Past Made Present in ‘There There’

Tommy Orange’s debut novel opens with a look at the disturbing history of appropriation of Indigenous symbols as a means of entering the characters’ journeys.

indigenous american headdress
Aleksandar Nakic

Tommy Orange’s There There, the California Book Club choice for November, moves between a dozen points of view as it follows a group of Native people to the fictional Big Oakland Powwow. First, however, its lyrical prologue situates us. Through repetition and leaps through history, Orange establishes the bloody origins of mascots and other appropriated and warped symbols employed to dehumanize Native peoples in the wake of genocide.

The prologue opens with “There was an Indian head,” pausing on a comma just long enough for the reader to fill in the image with their own preconceptions before the language is inverted to the possessive “the head of an Indian” and then adorned as “the head of a headdressed, long-haired Indian.” By the end of the opening sentence, we discover that Orange is echoing the repetition of the Indian test pattern, a disembodied image of a Native person’s head broadcast across America each time a station went off-line from 1939 into the 1970s. A bull’s-eye sat below the bodiless head, reinforcing the trope of Native American as target.

Orange transforms the “test” head into flesh by recounting known beheadings and other vicious murders and violations of Native bodies. He tells us the story of Chief Metacomet, who is beheaded, dismembered, fed to the birds, his head put on a spike, his hand in a jar of rum. Orange pairs this with the story found in the first Native novel, by John Rollin Ridge, about the Mexican outlaw Joaquín Murieta, also beheaded, whose head was kept in a jar of whiskey and taken on tour across California with his sidekick Three-Fingered Jack’s hand. The price: a dollar a show. Even in death, Orange demonstrates, Native life is treated as a cheap commodity, each body used as a trophy and displayed repeatedly. That is, the “test pattern” carries on the show.

This ubiquitous sketch of the “Indian head” is now evidence of murder, of genocide. We are only three pages into the novel. Next in the recounting of real-life incidents will come the brutal massacre at Sand Creek.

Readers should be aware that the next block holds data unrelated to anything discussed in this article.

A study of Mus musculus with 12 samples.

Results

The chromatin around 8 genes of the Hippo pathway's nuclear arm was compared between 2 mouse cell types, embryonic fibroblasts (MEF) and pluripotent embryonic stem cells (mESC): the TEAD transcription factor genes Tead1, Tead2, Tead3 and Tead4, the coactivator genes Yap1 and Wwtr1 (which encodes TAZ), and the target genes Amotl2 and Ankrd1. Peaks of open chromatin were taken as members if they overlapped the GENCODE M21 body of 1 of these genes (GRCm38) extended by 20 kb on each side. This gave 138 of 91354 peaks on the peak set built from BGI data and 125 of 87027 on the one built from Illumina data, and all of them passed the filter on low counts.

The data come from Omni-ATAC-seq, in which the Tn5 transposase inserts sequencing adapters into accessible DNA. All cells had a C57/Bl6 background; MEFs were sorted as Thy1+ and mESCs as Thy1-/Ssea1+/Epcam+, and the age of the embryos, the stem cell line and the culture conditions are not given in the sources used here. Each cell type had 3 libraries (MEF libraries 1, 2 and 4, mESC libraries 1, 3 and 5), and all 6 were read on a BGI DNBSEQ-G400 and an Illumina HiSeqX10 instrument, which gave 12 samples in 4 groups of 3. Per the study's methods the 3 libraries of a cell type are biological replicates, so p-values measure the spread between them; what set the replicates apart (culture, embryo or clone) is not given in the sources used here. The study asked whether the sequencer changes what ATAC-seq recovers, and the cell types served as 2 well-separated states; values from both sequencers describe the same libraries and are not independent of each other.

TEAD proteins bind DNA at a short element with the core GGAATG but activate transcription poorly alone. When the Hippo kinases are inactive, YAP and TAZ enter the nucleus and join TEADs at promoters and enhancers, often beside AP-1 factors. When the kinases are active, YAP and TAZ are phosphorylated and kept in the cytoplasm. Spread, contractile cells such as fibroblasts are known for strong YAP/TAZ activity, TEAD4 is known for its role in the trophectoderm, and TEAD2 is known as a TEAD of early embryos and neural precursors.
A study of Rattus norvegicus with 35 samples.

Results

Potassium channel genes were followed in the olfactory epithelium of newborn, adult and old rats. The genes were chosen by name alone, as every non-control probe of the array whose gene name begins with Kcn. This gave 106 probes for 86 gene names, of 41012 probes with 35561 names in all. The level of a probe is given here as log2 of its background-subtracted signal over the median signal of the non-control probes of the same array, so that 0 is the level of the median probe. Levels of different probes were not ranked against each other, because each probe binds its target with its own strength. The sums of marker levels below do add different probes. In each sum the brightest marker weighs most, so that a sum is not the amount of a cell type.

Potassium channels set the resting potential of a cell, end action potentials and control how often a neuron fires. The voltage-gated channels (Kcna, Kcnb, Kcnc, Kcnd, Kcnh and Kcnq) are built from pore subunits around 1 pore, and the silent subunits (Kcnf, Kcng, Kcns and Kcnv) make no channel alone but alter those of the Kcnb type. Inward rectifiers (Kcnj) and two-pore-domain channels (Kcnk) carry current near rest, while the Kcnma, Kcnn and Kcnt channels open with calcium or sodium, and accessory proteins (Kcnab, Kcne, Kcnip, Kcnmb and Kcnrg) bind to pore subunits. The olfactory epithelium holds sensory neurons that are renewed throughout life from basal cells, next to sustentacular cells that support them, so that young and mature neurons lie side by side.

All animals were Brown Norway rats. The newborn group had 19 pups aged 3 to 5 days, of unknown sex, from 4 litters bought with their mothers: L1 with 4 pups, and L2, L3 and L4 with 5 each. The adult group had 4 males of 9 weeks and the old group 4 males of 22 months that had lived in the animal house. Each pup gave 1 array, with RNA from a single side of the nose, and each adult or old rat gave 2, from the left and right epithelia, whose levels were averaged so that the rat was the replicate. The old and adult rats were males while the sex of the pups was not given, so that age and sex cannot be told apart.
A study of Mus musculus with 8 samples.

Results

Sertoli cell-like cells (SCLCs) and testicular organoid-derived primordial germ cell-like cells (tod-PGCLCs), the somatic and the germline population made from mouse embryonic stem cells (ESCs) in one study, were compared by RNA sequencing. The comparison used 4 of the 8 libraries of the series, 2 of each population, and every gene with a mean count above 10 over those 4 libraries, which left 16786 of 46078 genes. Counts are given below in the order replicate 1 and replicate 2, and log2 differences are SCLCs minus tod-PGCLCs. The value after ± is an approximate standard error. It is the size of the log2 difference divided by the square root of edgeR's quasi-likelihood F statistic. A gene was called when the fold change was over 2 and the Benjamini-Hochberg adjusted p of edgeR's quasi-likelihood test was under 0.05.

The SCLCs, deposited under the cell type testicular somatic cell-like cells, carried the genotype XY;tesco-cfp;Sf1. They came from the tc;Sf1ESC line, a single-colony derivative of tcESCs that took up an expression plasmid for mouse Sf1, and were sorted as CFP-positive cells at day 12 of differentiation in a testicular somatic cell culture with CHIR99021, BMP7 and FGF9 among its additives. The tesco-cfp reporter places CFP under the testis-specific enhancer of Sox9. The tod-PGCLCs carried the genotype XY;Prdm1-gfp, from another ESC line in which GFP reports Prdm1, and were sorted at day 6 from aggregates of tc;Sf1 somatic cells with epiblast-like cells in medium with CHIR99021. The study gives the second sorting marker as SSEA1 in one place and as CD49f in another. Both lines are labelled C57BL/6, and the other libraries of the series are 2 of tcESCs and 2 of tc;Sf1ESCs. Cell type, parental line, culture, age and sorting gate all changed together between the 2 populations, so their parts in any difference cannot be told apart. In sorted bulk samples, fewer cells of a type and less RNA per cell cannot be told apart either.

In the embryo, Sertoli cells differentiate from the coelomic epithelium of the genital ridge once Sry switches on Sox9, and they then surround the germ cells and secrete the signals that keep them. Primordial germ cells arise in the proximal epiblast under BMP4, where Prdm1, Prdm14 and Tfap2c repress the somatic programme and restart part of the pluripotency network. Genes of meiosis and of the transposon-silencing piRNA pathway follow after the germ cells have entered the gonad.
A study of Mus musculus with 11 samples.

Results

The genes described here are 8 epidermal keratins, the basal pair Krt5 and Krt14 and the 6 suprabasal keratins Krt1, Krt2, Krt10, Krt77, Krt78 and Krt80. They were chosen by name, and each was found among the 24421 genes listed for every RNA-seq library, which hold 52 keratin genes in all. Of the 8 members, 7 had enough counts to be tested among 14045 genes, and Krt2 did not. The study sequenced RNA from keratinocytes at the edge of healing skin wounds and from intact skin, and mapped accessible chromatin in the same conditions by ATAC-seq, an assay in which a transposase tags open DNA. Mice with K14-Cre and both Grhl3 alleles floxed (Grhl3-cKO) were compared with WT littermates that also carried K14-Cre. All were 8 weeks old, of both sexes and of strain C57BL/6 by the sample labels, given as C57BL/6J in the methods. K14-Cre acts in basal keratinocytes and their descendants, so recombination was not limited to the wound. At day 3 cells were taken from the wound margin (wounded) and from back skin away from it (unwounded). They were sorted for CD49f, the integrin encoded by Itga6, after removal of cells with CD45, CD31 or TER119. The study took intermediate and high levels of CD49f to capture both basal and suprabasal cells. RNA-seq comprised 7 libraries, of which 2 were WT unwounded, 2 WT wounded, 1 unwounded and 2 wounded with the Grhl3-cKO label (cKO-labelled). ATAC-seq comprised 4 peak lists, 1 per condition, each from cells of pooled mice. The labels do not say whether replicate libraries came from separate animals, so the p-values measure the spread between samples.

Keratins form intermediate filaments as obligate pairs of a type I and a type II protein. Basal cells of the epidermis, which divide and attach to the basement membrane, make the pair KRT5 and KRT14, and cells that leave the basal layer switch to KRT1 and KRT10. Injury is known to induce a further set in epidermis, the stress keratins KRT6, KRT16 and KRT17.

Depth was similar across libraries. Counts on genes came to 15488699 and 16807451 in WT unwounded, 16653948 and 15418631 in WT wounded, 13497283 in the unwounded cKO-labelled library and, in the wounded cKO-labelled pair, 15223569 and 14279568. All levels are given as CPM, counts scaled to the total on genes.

Before sharing this particular history of the mutilation of mostly women, children, and elders, however, Orange deftly swerves back to an alternate vantage, to the Cheyenne myth of the rolling head driven by endless greed, much like the imperialist hunger to consume everything. He makes it clear where the greed originates and continues, capitalized on through stereotypes, including Hollywood’s representations of Native people: “Kevin Costner saving us, John Wayne’s six-shooter slaying us, an Italian guy named Iron Eyes Cody playing our parts in movies.” Novels, pennies, sports logos: “We’ve been defined by everyone else and continue to be slandered despite easy-to-look-up-on-the-internet facts about the realities of our histories and current state as a people.” This history Orange has compiled for the prologue, he pointedly reminds us, was available to everyone all along.

When There There was published in 2018, the Washington Football Team still clung to the name “Washington Redskins,” with a logo of a Native man in a headdress, and the Cleveland Guardians retained the moniker “Cleveland Indians,” their logo a caricature, a cartoon figure of a man in a headdress. The team only transitioned to the name Guardians in July 2021, with a winged-baseball logo, while the Washington Football Team, renamed in 2020, remains without mascot. Meanwhile, the National Congress of American Indians continues to track the removal of Native “themed” school mascots, which number over 1,000.

The collective voice of this sobering prologue, and the essayistic form, will return mid-novel, in the interlude chapter. (Interestingly, in a 2019 interview in the magazine Houstonia, Orange reveals that the interlude was once part of the original prologue.) But first we will be introduced to the characters who travel to the final destination, the powwow in Oakland.

Enter Tony Loneman, who was born with fetal alcohol syndrome, his very body marked by the consequences of colonization. He is rooted in Oakland, and his line “It’s my only home” reinforces that the novel centers on the population Orange refers to as Urban Indians: those born into the city who “know the sound of the freeway better than we do rivers, the howl of distant trains better than wolf howls” and fry bread, “which isn’t even traditional.” This understatement about fry bread allows the true history to reverberate, if you know it: fry bread was invented out of need by Native people, given provisions of white flour, sugar, and lard, on the “Long Walk,” the forced relocation from Arizona to New Mexico.

The journeys in this novel are driven by each of the characters’ needs, shaped by their collective histories and shared Oakland home, and, perhaps most interestingly, conveyed through their own particular approaches to storytelling. The characters include a filmmaker making a documentary and a woman who attends a conference to directly tell her story of abuse, trauma, and loss.

But here, in the opening pages of the novel, we first meet Tony Loneman, who, when he puts on his regalia, finally doesn’t see his “Drome,” as he has misheard his fetal alcohol syndrome diagnosis. When he dons the headdress, he no longer feels faceless. It empowers him to see himself as Indian, as dancer. He is embodied and alive.•

Join us on November 18, when Orange will be in conversation with CBC host John Freeman and a special guest. In the meantime, gather in the Alta Clubhouse to discuss the opening pages of There There with your fellow California Book Club members.